Colorado READ Act - Information for Teachers
- Elemental building block. Reading is an elemental building block to receive a quality education and every child should read at grade level by the end of third grade.
- Prevention is key. The Colorado READ Act is a legislative priority that focuses on early literacy development for all students, especially for students at risk for not reading at grade level by the end of third grade. Specific funding is allocated to help students who are struggling the most.
- Teacher knowledge and practice are critical. Educators must have a deep understanding of the art and science of reading to ensure lifelong readers.
What is the Colorado READ Act?
The Colorado Reading to Ensure Academic Development Act (READ Act) passed in 2012 by the Colorado legislature with the purpose of ensuring every student in Colorado can read at grade level by the time they exit third grade. The legislation was born out of convincing research that shows students who cannot read by the end of the third grade are four times more likely to drop out of high school.
READ Act starts by making sure all students receive instruction in the foundational skills of reading. In kindergarten, students learn to discriminate sounds in words and map them to the letters they represent. This continues through the grades until each third-grade student can read with ease, understand the materials and think critically.
The provisions of the Act promote early identification of reading difficulties and effective intervention to quickly close reading gaps and ensure all Colorado students can demonstrate a level of competency in reading skills necessary to achieve success in school.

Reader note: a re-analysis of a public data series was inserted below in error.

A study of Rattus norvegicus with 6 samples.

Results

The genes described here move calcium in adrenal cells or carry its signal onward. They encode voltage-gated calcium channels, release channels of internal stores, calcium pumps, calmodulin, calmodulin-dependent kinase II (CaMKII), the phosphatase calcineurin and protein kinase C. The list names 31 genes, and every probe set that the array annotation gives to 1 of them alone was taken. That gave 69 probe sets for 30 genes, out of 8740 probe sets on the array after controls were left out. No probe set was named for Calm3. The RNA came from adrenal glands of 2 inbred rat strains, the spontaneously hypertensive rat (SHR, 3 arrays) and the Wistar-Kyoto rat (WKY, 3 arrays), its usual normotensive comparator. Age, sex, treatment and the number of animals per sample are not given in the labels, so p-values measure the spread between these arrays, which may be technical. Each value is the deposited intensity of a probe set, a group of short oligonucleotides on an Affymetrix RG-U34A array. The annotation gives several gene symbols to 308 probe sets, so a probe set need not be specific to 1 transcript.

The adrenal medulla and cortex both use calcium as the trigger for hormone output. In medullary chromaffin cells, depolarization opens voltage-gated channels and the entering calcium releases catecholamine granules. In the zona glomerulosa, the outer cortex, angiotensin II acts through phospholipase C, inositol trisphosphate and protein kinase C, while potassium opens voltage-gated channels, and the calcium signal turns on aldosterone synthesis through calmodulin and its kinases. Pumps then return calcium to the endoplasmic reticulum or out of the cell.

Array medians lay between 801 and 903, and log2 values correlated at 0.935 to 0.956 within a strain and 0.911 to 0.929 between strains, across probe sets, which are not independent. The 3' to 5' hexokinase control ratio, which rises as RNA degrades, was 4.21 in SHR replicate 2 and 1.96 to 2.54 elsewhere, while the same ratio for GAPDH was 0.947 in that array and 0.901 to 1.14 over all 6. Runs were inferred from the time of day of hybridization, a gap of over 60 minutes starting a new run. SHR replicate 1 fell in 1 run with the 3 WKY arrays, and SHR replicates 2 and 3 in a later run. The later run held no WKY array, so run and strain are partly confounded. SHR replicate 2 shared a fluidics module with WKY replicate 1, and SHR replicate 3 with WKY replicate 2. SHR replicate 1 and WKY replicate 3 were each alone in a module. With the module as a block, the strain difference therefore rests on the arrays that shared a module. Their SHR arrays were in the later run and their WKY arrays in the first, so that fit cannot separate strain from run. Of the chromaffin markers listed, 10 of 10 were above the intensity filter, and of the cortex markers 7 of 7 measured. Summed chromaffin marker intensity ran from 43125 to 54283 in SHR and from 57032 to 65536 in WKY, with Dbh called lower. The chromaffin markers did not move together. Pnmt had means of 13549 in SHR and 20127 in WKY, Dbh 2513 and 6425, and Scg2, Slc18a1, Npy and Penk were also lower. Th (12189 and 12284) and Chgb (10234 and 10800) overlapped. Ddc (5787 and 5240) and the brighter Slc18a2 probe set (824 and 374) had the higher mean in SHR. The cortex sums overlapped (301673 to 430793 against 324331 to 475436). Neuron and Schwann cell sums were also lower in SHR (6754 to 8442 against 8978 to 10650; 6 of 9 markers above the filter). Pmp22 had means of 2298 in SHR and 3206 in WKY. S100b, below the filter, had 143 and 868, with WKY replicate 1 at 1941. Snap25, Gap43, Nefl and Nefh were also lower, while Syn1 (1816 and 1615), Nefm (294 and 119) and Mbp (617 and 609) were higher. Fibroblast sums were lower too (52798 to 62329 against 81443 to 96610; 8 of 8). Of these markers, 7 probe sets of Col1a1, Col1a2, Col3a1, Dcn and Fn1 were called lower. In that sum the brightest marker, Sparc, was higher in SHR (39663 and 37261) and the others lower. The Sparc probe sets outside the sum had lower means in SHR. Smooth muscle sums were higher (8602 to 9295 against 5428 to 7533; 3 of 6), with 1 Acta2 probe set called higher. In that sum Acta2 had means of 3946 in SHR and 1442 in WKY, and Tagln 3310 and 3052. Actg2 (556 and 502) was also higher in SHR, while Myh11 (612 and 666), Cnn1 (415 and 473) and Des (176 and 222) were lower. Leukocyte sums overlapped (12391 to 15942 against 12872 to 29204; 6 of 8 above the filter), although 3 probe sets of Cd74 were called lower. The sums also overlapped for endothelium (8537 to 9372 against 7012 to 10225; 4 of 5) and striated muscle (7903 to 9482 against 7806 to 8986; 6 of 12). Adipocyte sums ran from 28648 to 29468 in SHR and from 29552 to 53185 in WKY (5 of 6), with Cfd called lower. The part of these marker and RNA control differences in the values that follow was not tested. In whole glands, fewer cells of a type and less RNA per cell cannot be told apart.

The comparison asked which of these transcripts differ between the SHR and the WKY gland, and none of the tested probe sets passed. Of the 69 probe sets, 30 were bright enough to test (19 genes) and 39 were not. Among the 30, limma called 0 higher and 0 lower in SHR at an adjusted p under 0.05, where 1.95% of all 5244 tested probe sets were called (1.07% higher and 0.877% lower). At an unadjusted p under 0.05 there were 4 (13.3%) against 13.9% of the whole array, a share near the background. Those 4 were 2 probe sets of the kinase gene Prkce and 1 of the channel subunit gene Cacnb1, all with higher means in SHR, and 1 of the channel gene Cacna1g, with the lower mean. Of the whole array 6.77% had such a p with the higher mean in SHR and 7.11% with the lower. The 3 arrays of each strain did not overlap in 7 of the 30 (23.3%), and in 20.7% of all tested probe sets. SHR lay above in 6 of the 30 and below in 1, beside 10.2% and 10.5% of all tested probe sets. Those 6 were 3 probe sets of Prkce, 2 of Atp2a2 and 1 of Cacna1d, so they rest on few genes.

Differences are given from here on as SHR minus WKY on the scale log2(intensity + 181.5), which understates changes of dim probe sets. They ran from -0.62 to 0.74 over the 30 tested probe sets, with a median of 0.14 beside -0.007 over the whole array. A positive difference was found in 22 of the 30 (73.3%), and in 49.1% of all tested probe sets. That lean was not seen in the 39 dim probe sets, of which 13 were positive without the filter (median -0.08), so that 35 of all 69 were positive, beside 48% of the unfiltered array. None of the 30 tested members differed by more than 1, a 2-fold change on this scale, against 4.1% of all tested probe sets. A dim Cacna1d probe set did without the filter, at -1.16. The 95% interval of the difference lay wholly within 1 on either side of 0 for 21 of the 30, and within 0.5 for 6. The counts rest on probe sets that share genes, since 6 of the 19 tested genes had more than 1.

Pursuant to the READ Act, teachers in grades kindergarten through three administer an interim assessment to all children in order to determine whether children are making sufficient progress to grade level reading proficiency. When students are identified as significantly below grade level (called a “significant reading deficiency” or SRD), teachers administer a diagnostic assessment to determine specific areas of need for reading improvement. Teachers use this information to collaboratively develop an intervention plan (called a READ plan) with the child’s parents to bring the child up to grade level reading proficiency. Students continue to receive intervention supports until the teacher determines that the child has met reading skill competencies of their current grade level.
Foundational reading skills
All K-3 teachers, interventionists, special educators, para-professionals, instructional coaches and educational leaders are encouraged to develop a deep understanding foundational reading skills. Those include the five essential reading components identified in the READ Act (phonemic awareness, phonics, fluency, vocabulary including oral language, and comprehension).
- Phonemic Awareness - Awareness of all levels of the sound system used for speech including words, syllables, rimes, and phonemes.
- Phonics - Connections between individual speech sounds (phonemes) and letters or letter combinations (graphemes).
- Fluency - The ability to read accurately, quickly, and expressively.
- Vocabulary - Words necessary to communicate with others.
- Comprehension - The active process of constructing meaning from text; it involves assessing previous knowledge, understanding vocabulary and concepts, making inferences and linking key ideas.